SRC: As Silicon Peaks, Reseach Center is Launched to Produce Future Semiconductor Materials in Aggressive University Collaboration

$7M to Fund Alternative Approaches to Improve CMOS Speed and Power in California, Massachusetts, Minnesota Universities

Jul 11, 2006

SAN FRANCISCO - Semiconductor Research Corporation (SRC), the world's leading university-research consortium for semiconductors and related technologies, today announced the launch of the Non-Classical CMOS Research Center. With more than $7 million of funding spread across three years, five universities will collaborate as one research center to develop and exploit a new class of semiconductor materials, stretching silicon to its ultimate performance as CMOS.

These materials, called III-V compound semiconductors because their chemical elements are referenced in the third and fifth columns of the universal chemistry periodical tables, will serve as alternatives to current technologies and will extend silicon's known capabilities as the preferred semiconductor. Today's bulk silicon CMOS is known as the classical material, whereas the Non-Classical CMOS Research Center will facilitate the introduction of III-V compounds for sustaining CMOS viability in future end-use applications.

"While all good things must come to an end, we plan for the Non-Classical CMOS Research Center to ensure that Moore's Law will be alive and well for several more generations," said Dr. Jim Hutchby, director of Device Sciences for the Global Research Collaboration (GRC), a unit of the SRC that is responsible for narrowing the options for carrying CMOS to its ultimate limit. "And when the day comes that Moore's Law for classical silicon CMOS is no longer a viable solution, we'll have developed a new set of materials and devices for improvements to speed and power of the historically successful CMOS technology."

Results from the research are projected to enhance speed for CMOS gates and lower power dissipation in circuits. Significant impact on chip manufacturing is expected as early as 2012 - 2014. In comparison, the International Technology Roadmap for Semiconductors (ITRS) calls for alternative materials to be available to address semiconductor production at the 22-nm level around 2016 - 2019.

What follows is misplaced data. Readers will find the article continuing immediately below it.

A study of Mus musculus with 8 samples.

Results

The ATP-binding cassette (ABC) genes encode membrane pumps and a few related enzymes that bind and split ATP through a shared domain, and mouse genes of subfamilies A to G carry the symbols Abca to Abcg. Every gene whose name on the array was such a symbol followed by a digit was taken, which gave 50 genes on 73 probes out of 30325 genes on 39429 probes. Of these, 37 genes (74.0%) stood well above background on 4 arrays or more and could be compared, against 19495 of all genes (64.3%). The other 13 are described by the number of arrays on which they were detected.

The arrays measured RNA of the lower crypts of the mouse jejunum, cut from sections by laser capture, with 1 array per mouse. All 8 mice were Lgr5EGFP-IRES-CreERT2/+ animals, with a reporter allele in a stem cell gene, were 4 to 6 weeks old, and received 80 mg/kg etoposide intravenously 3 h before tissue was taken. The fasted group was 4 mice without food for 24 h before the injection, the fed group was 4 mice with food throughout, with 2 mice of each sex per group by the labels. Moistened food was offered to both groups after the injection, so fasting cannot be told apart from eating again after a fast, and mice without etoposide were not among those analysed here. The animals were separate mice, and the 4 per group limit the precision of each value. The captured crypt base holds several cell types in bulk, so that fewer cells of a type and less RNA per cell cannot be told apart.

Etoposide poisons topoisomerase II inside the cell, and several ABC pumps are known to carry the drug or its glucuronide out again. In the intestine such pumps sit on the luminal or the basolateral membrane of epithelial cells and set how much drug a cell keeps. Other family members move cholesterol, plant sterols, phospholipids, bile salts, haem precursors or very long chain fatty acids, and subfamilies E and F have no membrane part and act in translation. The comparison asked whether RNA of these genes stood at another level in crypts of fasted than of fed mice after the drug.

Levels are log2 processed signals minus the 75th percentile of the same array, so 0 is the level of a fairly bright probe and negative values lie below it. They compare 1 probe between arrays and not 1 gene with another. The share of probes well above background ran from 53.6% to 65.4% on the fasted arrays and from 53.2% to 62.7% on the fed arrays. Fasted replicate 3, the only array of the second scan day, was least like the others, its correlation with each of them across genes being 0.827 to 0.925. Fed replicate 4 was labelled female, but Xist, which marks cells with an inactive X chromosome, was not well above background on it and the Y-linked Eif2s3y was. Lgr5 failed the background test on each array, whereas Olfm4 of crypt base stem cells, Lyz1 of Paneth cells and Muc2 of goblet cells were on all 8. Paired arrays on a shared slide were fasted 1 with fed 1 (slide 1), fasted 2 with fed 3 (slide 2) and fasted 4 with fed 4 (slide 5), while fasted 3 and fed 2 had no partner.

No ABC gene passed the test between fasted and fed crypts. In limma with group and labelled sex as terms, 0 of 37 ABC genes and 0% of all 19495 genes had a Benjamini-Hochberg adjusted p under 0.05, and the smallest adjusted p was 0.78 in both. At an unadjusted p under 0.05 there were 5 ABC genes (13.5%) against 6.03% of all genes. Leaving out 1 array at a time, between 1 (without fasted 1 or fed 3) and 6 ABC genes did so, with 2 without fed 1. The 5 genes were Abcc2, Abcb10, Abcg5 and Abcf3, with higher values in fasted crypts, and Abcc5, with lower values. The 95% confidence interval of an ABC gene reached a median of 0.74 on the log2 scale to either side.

The Non-Classical CMOS Research Center will be led by UC-Santa Barbara and comprised of a collective research team from Stanford, UC-San Diego, University of Massachusetts - Amherst and the University of Minnesota. Funds ranging up to a total of $7 million will be provided through SRC, on behalf of its member companies, and from matches by the universities during an initial three-year program. Two more years of additional funding will be possible as options to bring the total award to five years.

"We expect that a new class of compound semiconductors can provide better peak velocities and lower voltages and allow the industry to supplement silicon's critical paths for speed and power," said Professor Mark Rodwell, UC-Santa Barbara, and the Center's director. "This new research effort proposes to benefit a long line of applications and users."

Benefits of the research will serve chipmakers and end-users for communications, computing, gaming, automotive and consumer electronics, and a wide range of other applications that are dependent on silicon's performance.

As a reflection of the potential for technology and footprint improvements provided by introduction of new compound semiconductors, satellite dishes have gained notable advancements in a short period of time. Indium gallium arsenide was added to the preamps on satellite dishes, providing shrinkage of the dish size from five feet to 1.5 feet in diameter in less than 10 years, while doubling the quality of the dish reception.

"This is a perfect time to be in leading-edge research and a pivotal time to help find the means for scaling Moore's Law into future generations," said Rodwell. "Researchers can wait a long time for an opportunity to participate in such a substantial impact on the industry and, ultimately, humankind."

Today's announcement is the result of rigorous competition over many months under the SRC-GRC's Device Sciences Digital CMOS Thrust. After a thorough evaluation of white papers and proposals by technical expert teams, the five universities led by UC-Santa Barbara were selected for funding. SRC facilitates semiconductor research among its community of 23 companies and partners and 100 universities worldwide.

About SRC: As the pioneer of collaborative research for the semiconductor industry, SRC defines industry needs, invests in and manages the research that gives its members a competitive advantage in the dynamic global marketplace. SRC expands the industry knowledge base and attracts premier students to help innovate and transfer semiconductor technology to the commercial industry. Established in 1982, SRC is based in Research Triangle Park, NC, and drives long-term semiconductor research contracts on behalf of its participating members: Advanced Micro Devices, Inc., Applied Materials, Inc., Axcelis Technologies, Inc., Cadence Design Systems, Freescale Semiconductor, Inc., Hewlett-Packard Co., IBM Corp., Intel Corp., LSI Logic Corp., Mentor Graphics Corp., The Mitre Corp., Novellus Systems, Inc., Rohm and Haas Electronic Materials and Texas Instruments Corp. SRC also seeks to leverage funding from global government agencies. For more information, visit the SRC website.